Susan Brownell Anthony was the American Anti Slavery Society leader and later devoted her life to women’s suffrage.
Anthony was born near Adams, Massachusetts, on February 15, 1820, to a liberal Quaker abolitionist family. She received a good education and learned to read and write at the age of three. The family moved from Massachusetts to Battensville, New York, in 1826, where she continued her education and, by the time she was 16, had become a teacher herself. In 1839 she took a position in a Quaker seminary in New Rochelle, New York. Then, from 1846 to 1849, she taught at a female academy in upstate New York. Afterward, she left teaching and moved to the family farm in Rochester, New York.
There she met many leading abolitionists, including Frederick Douglass, Parker Pillsbury, and Wendell Phillips, and became involved in the anti-slavery movement. Soon the temperance movement enlisted her sympathy, and then, after meeting Amelia Bloomer and, through her, Elizabeth Cady Stanton, so did that of woman suffrage. During the Civil War, she focused on abolition and was the principal New York agent for the American Anti-Slavery Society.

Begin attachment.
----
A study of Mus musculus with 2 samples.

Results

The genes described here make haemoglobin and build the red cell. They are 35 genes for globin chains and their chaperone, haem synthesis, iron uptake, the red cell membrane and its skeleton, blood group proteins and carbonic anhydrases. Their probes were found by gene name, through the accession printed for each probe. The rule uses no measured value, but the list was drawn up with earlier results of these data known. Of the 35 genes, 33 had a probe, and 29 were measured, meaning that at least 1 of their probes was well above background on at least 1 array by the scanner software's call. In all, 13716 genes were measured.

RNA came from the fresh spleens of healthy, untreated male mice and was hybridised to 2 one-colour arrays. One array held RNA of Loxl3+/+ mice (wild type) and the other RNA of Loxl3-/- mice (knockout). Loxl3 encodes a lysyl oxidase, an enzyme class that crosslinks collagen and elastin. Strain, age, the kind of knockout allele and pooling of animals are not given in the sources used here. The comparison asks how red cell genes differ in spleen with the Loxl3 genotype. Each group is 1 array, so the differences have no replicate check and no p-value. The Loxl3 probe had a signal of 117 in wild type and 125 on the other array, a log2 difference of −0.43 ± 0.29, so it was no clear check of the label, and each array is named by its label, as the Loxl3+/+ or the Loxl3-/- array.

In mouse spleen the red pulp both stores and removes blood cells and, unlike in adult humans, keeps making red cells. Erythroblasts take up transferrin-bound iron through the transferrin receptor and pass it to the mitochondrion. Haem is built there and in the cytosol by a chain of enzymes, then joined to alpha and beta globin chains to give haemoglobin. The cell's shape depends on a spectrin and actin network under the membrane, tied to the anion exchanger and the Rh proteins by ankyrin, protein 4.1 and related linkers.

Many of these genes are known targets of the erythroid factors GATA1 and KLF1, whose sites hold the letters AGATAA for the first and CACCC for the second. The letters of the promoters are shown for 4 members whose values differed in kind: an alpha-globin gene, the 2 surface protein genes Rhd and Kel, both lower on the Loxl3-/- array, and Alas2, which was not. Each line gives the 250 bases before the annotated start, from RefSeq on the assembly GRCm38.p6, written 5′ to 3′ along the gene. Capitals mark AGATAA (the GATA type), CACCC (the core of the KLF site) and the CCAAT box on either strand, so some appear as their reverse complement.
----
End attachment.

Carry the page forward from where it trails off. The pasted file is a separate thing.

After the war, however, she returned to her women’s suffrage movement activities. For 45 years, she traveled throughout the United States by stagecoach, wagon, carriage, and train, making 75-100 speeches a year. Unfortunately, though she was key to the passage of the Nineteenth Amendment, which gave women the right to vote, she would not live to see it implemented. She died 14 years before it was passed.
On March 13, 1906, Anthony died of pneumonia and heart failure. She was buried at the Mount Hope Cemetery in Rochester, New York.